Hawker Restorations began as AJD Engineering, founded in 1987 by vintage aircraft enthusiast and electronics expert Tony Ditheridge, toolmaker Graham Self and carpenter Richard Watson, with the intention of restoring WWI fighters and high-performance racing and aerobatic aeroplanes.
AJD’s first major contract was awarded by the Chilean government, which asked us to manufacture a 1914 Bristol M1C to celebrate the famous first flight over the Andes by Dagoberto Godoy in December 1918. The commission was quite a challenge, as we had less than four months in which to build the aircraft from scratch and fly it at an air show in Chile, but we succeeded and subsequently received further orders for a Bleriot, an Avro 504k and a Royal Aircraft Factory SE5a, typical of the aircraft flown in the early years of Chilean aviation. We went on to supply more than 20 more early aircraft types to museums around the world, including the iconic Sopwith Camel, the Sopwith Pup and the Spad 13.
We also manufactured and restored a variety high-performance machines including the aerobatic Laser/Extra 200 and a Travel Air Type R ‘Mystery Ship’ originally raced by Pancho Barnes in 1928. Another high-profile commission involved rebuilding the famous 1937 Percival Mew Gull, G-AEXF, in which Alex Henshaw set the England to Cape Town record in 1939. A further replica of G-AEXF in its 1939 configuration was then built from scratch, funded by Henshaw himself, and may now be seen in the RAF Museum at Hendon. You may discover more about our early aircraft work on our Restoration Projects pages.
During this period we also acquired the remains of two Hawker Hurricanes, and conducted a feasibility study into the possibility of restoring them to flying condition. It was very soon clear that the Hurricane’s complex structure made it a much more difficult proposition than the monocoque Spitfire and other more conventional fighters, and that the costs involved in the remanufacture of raw materials, the creation of specialised tooling and roll forming were not affordable. The projects were consequently put on hold.
In 1993 we supplied a WWI SE5a to world-renowned warbird collector Sir Tim Wallis in New Zealand. Having recently acquired a Hawker Hurricane P3717 from Russia with a view to restoring it and adding to his extensive fleet of WWII fighters, Sir Tim made enquiries with several engineers and offered the project to AJD Engineering, aware that we had already evaluated its feasibility. It was agreed that the restoration of three aircraft would make the job financially viable and we decided to proceed together as Hawker Restorations Ltd, with Sir Tim funding the raw materials, jigs, tools and document acquisition.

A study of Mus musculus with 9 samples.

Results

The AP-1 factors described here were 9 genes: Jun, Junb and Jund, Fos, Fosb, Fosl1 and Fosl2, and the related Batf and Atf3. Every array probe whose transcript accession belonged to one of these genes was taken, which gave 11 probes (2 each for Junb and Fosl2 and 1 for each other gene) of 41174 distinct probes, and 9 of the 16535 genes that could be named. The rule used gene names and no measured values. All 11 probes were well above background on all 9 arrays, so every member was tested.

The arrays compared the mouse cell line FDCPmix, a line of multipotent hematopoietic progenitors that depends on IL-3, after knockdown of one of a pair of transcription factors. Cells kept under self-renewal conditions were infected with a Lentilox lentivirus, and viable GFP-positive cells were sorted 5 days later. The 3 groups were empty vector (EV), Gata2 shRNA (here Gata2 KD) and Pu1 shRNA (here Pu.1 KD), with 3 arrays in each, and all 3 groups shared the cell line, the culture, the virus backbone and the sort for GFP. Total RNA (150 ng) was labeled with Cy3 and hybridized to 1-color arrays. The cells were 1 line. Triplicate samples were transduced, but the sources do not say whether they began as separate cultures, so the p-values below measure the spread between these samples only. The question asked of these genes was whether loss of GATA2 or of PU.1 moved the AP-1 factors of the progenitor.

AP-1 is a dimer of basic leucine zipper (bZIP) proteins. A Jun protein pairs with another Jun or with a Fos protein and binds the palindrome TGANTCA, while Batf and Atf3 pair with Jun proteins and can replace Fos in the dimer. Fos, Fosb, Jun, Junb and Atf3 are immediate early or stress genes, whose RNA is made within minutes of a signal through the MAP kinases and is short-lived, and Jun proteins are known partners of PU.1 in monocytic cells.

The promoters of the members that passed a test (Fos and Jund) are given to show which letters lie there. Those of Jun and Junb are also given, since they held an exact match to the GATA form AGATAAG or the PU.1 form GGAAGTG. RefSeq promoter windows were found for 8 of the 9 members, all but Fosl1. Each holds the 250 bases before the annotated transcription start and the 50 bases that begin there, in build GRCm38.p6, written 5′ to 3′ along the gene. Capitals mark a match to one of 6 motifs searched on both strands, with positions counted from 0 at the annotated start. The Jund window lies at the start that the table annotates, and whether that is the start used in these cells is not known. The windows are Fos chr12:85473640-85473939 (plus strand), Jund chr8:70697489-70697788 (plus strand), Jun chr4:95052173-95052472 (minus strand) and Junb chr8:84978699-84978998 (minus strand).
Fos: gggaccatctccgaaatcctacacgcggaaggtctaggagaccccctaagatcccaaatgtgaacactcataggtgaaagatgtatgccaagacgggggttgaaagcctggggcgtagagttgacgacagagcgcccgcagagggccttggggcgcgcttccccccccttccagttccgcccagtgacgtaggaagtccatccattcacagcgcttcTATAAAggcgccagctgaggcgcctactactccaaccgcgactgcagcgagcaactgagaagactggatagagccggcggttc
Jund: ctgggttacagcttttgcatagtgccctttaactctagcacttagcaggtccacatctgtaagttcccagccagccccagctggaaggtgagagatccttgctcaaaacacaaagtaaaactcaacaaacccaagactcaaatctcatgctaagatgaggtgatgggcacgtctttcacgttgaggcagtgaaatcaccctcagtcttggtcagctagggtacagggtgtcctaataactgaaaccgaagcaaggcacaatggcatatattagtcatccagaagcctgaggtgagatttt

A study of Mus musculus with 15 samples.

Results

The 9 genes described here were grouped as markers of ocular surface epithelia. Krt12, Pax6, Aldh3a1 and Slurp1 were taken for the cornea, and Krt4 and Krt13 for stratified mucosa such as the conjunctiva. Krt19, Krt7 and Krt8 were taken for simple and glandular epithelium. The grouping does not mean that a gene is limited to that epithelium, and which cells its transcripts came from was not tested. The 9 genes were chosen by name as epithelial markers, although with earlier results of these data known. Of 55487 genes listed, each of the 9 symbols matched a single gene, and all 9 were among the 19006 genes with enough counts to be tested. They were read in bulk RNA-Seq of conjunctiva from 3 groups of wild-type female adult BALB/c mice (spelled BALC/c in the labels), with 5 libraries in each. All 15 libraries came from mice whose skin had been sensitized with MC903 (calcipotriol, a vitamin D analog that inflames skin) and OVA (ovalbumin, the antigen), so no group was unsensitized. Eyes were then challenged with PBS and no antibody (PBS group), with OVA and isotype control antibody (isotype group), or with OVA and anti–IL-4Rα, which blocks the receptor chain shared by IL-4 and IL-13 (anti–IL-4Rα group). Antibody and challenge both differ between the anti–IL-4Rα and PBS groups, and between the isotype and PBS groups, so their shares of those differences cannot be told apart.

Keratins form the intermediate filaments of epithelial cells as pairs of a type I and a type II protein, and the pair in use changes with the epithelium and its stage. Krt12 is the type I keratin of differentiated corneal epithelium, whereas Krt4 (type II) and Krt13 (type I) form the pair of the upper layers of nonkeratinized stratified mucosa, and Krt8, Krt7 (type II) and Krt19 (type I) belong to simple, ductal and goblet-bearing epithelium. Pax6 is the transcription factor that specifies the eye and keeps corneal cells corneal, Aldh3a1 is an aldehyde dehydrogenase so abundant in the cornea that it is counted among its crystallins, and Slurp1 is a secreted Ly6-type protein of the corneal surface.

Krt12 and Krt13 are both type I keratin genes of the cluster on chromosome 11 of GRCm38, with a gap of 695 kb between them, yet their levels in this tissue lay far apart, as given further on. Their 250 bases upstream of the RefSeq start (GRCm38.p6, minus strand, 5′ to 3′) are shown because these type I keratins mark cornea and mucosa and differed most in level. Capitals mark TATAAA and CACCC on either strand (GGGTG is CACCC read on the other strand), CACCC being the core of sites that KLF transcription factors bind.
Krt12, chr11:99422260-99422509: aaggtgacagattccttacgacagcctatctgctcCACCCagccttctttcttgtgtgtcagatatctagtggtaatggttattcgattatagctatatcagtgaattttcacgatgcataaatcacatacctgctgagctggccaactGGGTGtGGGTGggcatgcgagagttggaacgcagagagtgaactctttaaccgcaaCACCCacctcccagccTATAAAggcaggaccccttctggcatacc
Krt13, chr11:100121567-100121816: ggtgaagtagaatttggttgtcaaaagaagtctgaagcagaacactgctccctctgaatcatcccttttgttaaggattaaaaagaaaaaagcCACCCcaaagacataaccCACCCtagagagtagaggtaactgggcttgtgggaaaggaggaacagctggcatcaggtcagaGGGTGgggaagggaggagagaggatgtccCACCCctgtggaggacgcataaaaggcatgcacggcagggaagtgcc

Naturally the first of our restored Hurricanes went to Sir Tim in New Zealand. The second was purchased by Microsoft co-founder Paul Allen, and the third by Steven Grey of The Fighter Collection at Duxford. We have since built seven more, which are based in the UK, USA, Canada and France.
Clearly, without the vision, enthusiasm and commitment of Sir Tim Wallis, there would be even fewer than 15 Hurricanes flying in the world today. Unfortunately, Tim suffered an accident in 1996 whilst flying a Griffon powered Spitfire MkXIV. This ended his flying career and Hawker Restorations was eventually taken over by Tony Ditheridge alone.
We have continued to develop our expertise, skills and tooling, and although the Hurricane remains central to our activities we have in the last few years rebuilt or been involved with a number other fighter aircraft including the Spitfire, Mustang, Corsair and Yak. Meanwhile the passion for WWI aircraft continues with the total restoration of an original 1917 SE5a. We are also building a perfect Avro 504k replica, complete with rotary engine.
Our hangars currently hold three Hurricanes. One is a Battle of France survivor and the others are Battle of Britain fighters. One of these is being reconfigured as a two-seater, only the second ever built, in order that more enthusiasts may enjoy the extremely rare privilege of flying in the aircraft that saved Britain, and arguably the world, in the summer of 1940.
Hawker Restorations has an ambitious expansion programme for the coming 18 months, with plans not only to expand our facilities with a CNC workshop but to relocate to larger airfield premises, enabling us to take on more projects in future.